Took this in 1976. Still Love It, Because it Says Something to Me. Bonus Points: What’s the Punctum?
As I’ve mentioned before, I became a ‘painter’ for a while. I’d had no formal training, nor did I really know much about the history of painting as a representational or creative medium apart from having read about Carravagio and Picasso and van Gogh and Pollock. I knew what I was supposed to like, what I actually liked (van Gogh and Pollock!) and that was about it. Some of my photos hung in a gallery that also represented the Macedonian abstract painter Robert Cvetkovski, and it happened that he needed a place to stay while hosting a major exhibition of his work here in North Carolina, so he stayed with me for a few months. I watched him work and, being bored, decided to take a canvas and try to paint in a similar non-representative fashion. Hell, I thought, if he could do it, so could I. So I did, and, in my initial flush of excitement, foolishly thought I wasn’t bad at all. In fact, I talked the gallery owner into giving me a show, at which a pleasant, enthusiastic couple stood with me in front of one of my paintings and inquired as to my creative influences. It was at that moment I realized I was a poseur.
Basically, being the dummy I was (am) – and leaving aside the larger question of the Macedonian guy and his authenticity – I foolishly ignored the vast functional difference between what I was doing and what those did who created the genre of abstract painting, artists who sought to express deep convictions about life, emotion, and experience through what they knew about color, line, shape, and representation. My paintings of drips and blobs and primitive shapes – sometimes quite visually appealing – weren’t really art, because they weren’t authentic to me. They were, at best, decoration, which is what I see them as now, with the benefit of hindsight. I was mimicking creating ‘Art’, appropriating the symbols and modes of expression of others. I was a poseur.
Untitled, 2005. At Least I Didn’t Title it “Metaphysical Daydream Part 14“.
This concept of ‘authenticity’ provides us a way to differentiate legitimate art or action from those that merely pretend (the ‘pretentious’), those done in what Jean-Paul Sarte calls ‘bad faith’ – modes of expression not true to the artist or actor’s essential individuality. Authenticity is about using a form of expression that comes from within, not merely appropriating someone else’s form of expression. As long as what you’re doing is expressing who you are as opposed to signaling who you admire or who you think you should be to impress others, you’re not a poseur.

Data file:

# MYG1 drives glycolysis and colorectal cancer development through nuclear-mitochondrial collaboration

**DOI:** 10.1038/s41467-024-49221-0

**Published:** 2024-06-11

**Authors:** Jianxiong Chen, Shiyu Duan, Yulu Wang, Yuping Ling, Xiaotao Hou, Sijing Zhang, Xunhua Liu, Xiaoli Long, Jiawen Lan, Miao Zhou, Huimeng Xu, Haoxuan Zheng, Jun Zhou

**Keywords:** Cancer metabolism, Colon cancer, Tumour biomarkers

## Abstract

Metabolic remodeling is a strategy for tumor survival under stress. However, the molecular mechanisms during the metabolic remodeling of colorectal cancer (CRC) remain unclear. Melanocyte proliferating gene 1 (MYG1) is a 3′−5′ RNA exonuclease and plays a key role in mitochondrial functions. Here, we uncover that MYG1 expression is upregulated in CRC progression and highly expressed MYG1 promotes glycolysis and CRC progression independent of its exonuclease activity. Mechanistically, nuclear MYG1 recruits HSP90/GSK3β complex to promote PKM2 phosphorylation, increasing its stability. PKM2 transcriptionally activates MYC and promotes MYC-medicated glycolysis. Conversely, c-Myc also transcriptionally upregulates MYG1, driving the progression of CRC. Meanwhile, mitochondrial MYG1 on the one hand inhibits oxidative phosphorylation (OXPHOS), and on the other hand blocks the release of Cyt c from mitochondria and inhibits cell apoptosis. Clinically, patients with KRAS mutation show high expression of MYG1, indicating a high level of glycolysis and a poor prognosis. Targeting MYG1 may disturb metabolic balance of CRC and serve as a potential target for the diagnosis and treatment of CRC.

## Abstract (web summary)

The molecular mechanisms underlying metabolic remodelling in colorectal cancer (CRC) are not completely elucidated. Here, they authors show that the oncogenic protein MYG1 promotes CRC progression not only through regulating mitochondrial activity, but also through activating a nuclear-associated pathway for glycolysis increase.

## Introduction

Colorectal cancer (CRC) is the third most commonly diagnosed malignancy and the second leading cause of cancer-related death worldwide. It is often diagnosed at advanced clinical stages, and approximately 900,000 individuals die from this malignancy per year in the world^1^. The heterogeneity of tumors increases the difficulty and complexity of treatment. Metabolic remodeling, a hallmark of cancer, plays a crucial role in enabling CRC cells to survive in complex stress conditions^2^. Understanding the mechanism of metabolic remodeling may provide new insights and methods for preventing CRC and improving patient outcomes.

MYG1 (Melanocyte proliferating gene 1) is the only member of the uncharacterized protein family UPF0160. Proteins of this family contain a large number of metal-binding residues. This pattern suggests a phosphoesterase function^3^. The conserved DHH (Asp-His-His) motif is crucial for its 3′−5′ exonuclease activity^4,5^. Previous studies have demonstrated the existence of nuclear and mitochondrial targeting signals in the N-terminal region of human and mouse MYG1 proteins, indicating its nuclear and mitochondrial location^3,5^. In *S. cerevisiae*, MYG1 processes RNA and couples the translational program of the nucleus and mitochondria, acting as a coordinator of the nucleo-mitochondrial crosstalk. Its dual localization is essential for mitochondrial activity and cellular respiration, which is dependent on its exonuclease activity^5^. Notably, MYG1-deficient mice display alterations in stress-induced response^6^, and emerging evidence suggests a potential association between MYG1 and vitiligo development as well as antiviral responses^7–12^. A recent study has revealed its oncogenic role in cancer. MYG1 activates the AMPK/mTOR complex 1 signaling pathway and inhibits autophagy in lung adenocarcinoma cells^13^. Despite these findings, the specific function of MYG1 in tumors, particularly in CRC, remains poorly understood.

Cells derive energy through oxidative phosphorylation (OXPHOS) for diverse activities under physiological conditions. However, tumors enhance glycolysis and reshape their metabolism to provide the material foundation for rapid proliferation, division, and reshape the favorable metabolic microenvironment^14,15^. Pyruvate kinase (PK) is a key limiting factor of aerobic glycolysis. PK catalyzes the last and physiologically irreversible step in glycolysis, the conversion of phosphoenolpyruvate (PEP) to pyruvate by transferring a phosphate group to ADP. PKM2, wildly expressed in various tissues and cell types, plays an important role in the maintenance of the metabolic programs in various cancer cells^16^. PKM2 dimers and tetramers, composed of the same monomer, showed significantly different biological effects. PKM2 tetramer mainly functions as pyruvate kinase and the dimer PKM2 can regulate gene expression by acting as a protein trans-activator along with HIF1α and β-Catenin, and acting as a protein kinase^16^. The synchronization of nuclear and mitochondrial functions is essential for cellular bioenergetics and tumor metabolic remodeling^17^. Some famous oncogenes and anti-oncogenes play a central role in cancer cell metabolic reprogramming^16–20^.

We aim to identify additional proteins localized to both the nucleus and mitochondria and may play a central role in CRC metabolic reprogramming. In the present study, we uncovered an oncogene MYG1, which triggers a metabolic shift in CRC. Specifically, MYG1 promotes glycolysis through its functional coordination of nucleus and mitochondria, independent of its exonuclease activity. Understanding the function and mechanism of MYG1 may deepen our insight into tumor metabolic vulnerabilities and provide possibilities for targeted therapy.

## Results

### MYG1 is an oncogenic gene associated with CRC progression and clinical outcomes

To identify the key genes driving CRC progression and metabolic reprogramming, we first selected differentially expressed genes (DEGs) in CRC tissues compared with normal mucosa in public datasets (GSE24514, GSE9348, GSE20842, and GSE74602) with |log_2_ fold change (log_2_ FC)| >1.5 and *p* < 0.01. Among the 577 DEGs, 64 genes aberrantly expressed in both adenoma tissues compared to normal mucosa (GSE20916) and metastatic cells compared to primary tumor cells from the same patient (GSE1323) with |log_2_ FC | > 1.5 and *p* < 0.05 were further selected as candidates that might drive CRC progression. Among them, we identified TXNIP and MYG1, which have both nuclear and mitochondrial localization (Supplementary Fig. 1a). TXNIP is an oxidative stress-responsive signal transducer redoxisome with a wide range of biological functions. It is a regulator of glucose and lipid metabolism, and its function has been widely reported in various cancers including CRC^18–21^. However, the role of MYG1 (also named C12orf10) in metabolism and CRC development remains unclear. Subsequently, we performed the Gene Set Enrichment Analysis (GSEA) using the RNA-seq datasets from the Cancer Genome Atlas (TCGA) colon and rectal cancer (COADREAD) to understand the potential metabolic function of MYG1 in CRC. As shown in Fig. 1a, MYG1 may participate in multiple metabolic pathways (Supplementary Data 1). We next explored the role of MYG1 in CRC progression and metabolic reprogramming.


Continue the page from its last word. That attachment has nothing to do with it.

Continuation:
Being true to your essential creative nature, as opposed to apeing other’s, can be frightening; you’re exposing the most vital part of yourself to other’s critical judgments, and other people can be clueless, mean, judgmental pricks [guilty as charged]. Sartre claimed that exposing your real self to the gaze of others could be so overwhelming it could cause mental, emotional and physical distress, what he referred to as “nausea.” Yet he saw this profound discomfort as necessary if you were going to be true to yourself ***. This was the price of being authentic. Sartre saw it as a process driven by discomfort, where to be true to your inner calling happened when the psychic embarrassment in being inauthentic became greater than the discomfort of expressing something true to yourself, in effect putting you out there for others to observe and critique. And that’s what happened to me: after that period of painting in ‘bad faith,’ after the profound internal embarrassment of standing in front of my work mouthing inauthentic babble about what ‘it meant,’ I made a decision to abandon the idea that my output needed to please or impress anyone but me…and in the process became a much better photographer and painter.
All this doesn’t mean you have to be completely unique, without influences – sui generis – to be authentic. I certainly have influences that show in my work. That’s the nature of creative expression – it always comes from antecedents that it can be linked to the current work and in some partial way help explain it without exhausting its meaning. Look at Trent Parke, the guy whose video I previously posted; if you’re a photography aficionado, you can see his influences, but those influences don’t define him. He’s added something to make what he creates his own. Likewise, it doesn’t mean you can’t be commercially successful. It doesn’t require you laboring in anonymity or critical irrelevance, trusting that someday someone will recognize you. It just means that you’ll need to ignore whatever commercial or critical pressures that encourage you to conform to anyone’s ultimate vision but your own.
Authenticity is the drive to achieve something from within, to create work you know feels ‘right’ as opposed to work that appeals to other’s sense of right. It manifests itself in devotion to your unique vision backed up with hard work to achieve it, the ultimate irony being that authentic expression usually appears effortless and belies the amount of work invested, while the inauthentic gives the unmistakable impression of “trying too hard.” The “Train Guy,” the guy I was critiquing a few posts ago, he’s trying way too hard.
*** Which begs the question: how can Sartre talk about being authentic when his entire philosophy is premised on the claim that we have no ‘true’ self but rather that we make it up as we go along?